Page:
Nearly 50% of Elected Officials face Racism and Sexism. So Why Run?
Ten days ago I submitted my application for Thames Community Board for the upcoming local government elections.
Today, I’ve been systematically going through the documents I’ve been sent — the pre-election report, the candidates manual (again) and echats —a ‘collection of expert tips and tricks that covers a range of topics including climate change, community boards, and running for local government.’
Community Board members can expect to spend 10–15 hours a week in the role, which includes reading all relevant material, attending meetings, engaging with the community, and representing the board.
The salary for this is $10,000. Assuming 48 weeks, and the lower end of estimated hours, it’s approximately $20/hour.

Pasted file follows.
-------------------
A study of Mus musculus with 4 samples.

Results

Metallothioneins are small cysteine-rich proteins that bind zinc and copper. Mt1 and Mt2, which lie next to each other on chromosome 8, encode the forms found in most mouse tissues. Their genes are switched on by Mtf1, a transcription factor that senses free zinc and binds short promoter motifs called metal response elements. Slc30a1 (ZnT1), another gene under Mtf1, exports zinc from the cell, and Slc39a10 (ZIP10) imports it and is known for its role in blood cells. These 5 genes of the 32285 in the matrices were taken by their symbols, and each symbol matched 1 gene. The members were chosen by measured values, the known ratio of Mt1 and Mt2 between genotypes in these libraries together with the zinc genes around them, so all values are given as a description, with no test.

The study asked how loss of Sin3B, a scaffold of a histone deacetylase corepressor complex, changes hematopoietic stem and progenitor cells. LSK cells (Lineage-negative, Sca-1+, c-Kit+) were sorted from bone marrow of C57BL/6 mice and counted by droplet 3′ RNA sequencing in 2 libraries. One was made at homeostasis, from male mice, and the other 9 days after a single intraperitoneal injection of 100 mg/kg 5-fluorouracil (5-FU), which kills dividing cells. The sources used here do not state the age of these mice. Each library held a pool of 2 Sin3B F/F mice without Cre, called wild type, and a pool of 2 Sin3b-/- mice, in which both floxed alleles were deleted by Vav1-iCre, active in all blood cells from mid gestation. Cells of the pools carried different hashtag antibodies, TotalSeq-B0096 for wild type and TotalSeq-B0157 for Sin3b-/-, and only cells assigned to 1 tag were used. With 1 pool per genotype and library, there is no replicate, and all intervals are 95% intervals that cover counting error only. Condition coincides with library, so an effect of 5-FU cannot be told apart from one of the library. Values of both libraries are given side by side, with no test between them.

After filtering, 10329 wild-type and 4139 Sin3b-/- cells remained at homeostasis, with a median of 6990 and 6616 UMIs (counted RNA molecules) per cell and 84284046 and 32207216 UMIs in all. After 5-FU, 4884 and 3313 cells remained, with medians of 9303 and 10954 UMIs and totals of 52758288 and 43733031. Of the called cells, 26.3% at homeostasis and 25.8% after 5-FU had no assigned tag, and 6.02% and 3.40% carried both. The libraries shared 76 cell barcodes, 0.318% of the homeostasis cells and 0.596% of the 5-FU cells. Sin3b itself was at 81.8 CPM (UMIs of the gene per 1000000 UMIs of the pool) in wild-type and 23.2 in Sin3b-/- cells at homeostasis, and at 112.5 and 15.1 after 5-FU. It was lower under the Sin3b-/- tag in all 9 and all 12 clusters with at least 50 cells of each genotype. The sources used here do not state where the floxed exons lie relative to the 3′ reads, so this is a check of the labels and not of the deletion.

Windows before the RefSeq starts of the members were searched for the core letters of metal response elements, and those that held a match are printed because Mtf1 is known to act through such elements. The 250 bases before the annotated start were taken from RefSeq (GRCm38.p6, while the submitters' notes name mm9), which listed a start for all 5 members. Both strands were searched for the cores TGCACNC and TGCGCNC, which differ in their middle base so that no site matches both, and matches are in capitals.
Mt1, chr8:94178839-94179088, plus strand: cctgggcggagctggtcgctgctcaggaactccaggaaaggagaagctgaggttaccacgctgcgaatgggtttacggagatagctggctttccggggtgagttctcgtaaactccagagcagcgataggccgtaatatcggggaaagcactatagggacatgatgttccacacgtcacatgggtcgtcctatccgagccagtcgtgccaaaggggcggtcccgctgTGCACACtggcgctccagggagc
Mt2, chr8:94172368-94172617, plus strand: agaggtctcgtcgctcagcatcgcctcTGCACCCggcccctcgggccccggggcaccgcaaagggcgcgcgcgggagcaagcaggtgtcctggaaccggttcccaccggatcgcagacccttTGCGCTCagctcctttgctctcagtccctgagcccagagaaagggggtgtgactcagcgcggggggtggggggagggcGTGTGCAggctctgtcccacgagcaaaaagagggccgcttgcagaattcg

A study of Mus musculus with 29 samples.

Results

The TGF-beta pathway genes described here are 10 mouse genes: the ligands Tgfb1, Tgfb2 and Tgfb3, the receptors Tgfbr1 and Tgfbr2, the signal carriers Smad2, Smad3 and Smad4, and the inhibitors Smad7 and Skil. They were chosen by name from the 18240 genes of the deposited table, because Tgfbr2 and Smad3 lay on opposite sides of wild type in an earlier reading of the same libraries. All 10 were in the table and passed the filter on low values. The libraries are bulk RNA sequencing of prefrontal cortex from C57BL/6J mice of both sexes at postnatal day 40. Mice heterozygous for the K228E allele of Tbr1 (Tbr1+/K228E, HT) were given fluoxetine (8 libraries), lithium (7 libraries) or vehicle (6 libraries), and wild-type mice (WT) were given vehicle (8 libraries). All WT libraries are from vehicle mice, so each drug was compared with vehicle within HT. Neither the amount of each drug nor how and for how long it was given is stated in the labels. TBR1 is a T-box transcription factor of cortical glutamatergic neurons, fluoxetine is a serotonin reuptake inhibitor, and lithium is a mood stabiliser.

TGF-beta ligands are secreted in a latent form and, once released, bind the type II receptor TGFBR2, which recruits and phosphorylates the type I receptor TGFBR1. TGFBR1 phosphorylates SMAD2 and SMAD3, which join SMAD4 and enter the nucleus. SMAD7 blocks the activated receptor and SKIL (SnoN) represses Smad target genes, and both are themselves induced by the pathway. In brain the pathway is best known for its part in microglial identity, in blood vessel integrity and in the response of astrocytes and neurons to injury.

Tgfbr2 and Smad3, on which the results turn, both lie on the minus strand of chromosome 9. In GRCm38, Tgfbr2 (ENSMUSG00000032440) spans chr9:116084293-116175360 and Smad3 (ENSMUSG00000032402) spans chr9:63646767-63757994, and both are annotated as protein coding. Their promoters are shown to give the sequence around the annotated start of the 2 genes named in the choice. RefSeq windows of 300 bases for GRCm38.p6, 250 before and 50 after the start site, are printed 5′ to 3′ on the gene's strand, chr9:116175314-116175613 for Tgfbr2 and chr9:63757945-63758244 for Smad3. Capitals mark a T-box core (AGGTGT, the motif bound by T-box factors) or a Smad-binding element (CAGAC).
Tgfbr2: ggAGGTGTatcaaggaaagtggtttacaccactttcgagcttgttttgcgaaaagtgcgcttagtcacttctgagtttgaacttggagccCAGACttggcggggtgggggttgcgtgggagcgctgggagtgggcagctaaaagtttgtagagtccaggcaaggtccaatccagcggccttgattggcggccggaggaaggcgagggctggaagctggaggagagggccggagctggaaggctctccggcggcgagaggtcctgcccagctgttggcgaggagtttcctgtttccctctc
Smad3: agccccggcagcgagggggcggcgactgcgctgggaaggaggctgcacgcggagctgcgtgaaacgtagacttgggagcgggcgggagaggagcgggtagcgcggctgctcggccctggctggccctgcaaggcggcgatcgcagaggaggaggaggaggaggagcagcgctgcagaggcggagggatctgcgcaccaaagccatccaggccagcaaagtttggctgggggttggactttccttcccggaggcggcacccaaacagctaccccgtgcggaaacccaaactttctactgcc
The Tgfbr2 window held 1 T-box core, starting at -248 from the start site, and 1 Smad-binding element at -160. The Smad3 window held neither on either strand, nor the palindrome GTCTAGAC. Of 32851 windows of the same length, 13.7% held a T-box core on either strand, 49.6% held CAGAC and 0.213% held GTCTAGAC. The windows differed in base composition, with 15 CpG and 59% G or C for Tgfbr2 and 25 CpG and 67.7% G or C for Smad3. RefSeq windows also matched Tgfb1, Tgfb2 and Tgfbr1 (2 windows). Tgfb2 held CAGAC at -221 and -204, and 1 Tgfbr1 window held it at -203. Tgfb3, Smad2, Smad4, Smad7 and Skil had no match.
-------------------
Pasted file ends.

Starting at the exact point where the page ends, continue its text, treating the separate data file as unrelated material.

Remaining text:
Potential members are warned they will likely not be able to maintain a full-time job whilst also representing their community.
‘Representing’ one’s community means getting up to speed on the plethora of issues facing local councils around the country — climate crisis, infrastructure needs, housing shortages, services delivery and governance requirements.
Today, one of the headline articles in Stuff read ‘Auckland mayoralty: Tearful Efeso Collins ‘tired of being called a coconut’.
Collins, who is one of the front-runners in the Auckland Mayoral race, was emotional as he talked about the racism he faces on the campaign trail and the impact on his family. And, he also pointed out that he was wary about even speaking about this because he would likely be accused of “playing the race card’.
This, after a Local Government New Zealand (LGNZ) survey reported that ‘43% experienced other forms of harassment, prejudice, threatening or derogatory behaviour since taking public office.’
Misogyny and racism are still rife in our society, because they are tried and true methodologies for wielding power — ‘other’ your opponent, and then denigrate them based on an aspect of their identity. It’s downright mean, no matter what guise it comes under.